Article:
Do the milkshake the milkshake do the shake
While the game itself was deemed totally okay for Aussie adults, a commercial for zombie hunter Dead Island: Riptide has been labelled "too violent" for television audiences. The Australian Advertising Standards Board received multiple complaints over the ad, and as a result, has had it banned.
The ad - a version of the trailer shown above - features a young couple looking lovingly at each other, in an upturned sailboat. Outside, hordes of zombies try to break in to the boat. The camera pans over gas canisters and shows the air rippling, before the man sparks a cigarette lighter, causing a huge explosion.
It's not immediately clear which part of the ad is the more offensive - the couple or the game's logo, a dead man hanging from a palm tree.
I think that the ad is too graphic in terms of its depiction of suicide, particularly the final image of the man hanging from a tree. I think that this could be very traumatic for people who have experienced the suicide of a family member by hanging (or any other means).
Dead Island Riptide distributor All Interactive Entertainment responded that the cinematic implication of violence in the advertisment is intended "to convey the desolate terror afflicting the game characters" in a contextually relevant way.
The limited depiction of violence in the advertisement is reflective of the theme of the game advertised, and contextually relevant. All violent themes are presented in the readily identifiable fantasy context of a zombie attack in an animated video game scene.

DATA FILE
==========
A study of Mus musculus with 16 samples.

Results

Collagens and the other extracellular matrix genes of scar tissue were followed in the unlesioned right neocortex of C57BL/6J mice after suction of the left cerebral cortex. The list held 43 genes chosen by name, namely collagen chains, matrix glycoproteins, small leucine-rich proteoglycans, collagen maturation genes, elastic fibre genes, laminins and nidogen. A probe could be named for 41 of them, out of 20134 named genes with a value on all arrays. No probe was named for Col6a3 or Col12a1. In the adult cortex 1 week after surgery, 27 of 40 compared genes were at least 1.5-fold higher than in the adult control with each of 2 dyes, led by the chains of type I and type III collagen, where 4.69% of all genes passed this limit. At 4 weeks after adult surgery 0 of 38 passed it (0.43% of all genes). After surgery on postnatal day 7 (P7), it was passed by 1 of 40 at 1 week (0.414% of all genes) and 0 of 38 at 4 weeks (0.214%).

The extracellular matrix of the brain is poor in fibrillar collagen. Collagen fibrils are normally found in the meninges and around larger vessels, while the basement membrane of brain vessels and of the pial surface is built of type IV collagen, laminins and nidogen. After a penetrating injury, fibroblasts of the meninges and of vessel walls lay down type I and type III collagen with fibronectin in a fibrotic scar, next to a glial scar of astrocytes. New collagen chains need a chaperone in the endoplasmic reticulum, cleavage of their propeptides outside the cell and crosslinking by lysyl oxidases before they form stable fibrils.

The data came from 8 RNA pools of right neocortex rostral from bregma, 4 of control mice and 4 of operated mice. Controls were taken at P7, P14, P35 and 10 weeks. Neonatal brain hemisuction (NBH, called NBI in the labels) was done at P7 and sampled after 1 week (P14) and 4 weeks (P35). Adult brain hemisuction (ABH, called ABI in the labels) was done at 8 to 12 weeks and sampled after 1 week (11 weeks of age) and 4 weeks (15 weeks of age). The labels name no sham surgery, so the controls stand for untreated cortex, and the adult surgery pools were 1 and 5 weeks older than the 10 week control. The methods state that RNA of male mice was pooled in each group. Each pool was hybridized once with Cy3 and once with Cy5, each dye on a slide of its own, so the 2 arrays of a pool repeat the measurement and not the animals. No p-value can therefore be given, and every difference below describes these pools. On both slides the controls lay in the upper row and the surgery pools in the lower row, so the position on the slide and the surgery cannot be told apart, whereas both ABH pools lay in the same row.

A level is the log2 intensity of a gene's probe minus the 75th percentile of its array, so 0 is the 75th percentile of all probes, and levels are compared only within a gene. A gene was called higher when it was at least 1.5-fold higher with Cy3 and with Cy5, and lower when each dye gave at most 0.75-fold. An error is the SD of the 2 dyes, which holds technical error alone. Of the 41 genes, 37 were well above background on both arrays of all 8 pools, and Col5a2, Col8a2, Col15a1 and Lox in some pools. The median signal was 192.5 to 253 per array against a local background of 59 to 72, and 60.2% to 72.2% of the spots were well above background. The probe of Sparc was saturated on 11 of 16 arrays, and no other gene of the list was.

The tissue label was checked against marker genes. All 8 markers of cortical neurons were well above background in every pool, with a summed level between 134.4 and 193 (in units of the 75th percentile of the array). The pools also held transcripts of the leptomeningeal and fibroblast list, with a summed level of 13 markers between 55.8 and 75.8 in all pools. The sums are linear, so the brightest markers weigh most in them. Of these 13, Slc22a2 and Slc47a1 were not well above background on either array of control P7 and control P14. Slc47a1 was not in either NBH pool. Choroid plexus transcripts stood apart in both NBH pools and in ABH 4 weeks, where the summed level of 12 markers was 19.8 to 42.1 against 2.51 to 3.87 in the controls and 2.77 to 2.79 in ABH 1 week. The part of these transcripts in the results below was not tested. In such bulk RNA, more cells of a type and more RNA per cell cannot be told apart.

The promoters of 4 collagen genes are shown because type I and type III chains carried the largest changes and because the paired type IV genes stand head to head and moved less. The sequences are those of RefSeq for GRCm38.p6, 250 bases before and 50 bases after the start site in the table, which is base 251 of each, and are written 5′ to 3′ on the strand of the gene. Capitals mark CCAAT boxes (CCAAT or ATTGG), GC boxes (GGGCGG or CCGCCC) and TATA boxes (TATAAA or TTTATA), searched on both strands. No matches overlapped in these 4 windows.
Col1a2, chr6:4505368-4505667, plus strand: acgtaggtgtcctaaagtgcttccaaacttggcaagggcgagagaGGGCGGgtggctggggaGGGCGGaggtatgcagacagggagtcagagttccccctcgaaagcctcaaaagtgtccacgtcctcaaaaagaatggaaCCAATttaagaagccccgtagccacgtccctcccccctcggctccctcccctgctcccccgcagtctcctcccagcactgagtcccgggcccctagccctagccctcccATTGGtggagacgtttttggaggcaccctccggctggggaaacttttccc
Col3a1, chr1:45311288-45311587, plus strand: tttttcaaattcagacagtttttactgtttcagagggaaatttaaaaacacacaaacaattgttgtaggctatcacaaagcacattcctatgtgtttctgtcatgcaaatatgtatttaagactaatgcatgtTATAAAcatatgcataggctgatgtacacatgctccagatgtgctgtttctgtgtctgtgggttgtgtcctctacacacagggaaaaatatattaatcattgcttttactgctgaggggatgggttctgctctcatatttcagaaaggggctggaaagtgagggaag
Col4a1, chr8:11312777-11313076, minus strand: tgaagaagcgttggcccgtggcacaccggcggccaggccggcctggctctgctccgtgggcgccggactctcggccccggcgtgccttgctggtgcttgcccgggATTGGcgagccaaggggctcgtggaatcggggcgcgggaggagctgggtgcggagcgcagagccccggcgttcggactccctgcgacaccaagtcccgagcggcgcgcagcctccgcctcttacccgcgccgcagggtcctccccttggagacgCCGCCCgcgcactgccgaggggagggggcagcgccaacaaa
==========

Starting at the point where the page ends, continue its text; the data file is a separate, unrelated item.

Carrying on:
The video game being advertised, Dead Island Riptide, is a combat based video game for adults, where the protagonists are placed on an island to fight hordes of bloodthirsty zombies with little hope of survival except through increasingly violent combat episodes.
The Board, ultimately, saw differently. The board considered the facts: The ad is, indeed, for a violent video game (rated R in Australia), the violence is presented in video game context, and the ad was shown during a television program aimed at mature audiences. AIE released a statement saying the company was "sympathetic to members of the community who had been affected by suicide", and assured the Board it had not meant to cause offense.
However, the Board decided that "the issue of suicide is a depiction of violence which is not justifiable even in the context of an advertisement for a computer game aimed at adults."
The issue of suicide is a very significant community concern and considered that the use of images which are strongly suggestive of suicide is not appropriate in the context of a television advertisement for a computer game.
AIE is reportedly "disappointed" in the Board's decision, but has replaced the advertisement.
Remember: Suicide is the leading cause of death in Australia for men under 44 and women under 34. If you or someone you know is at risk of suicide, please contact Lifeline Australia - a confidential free service on 13 11 14.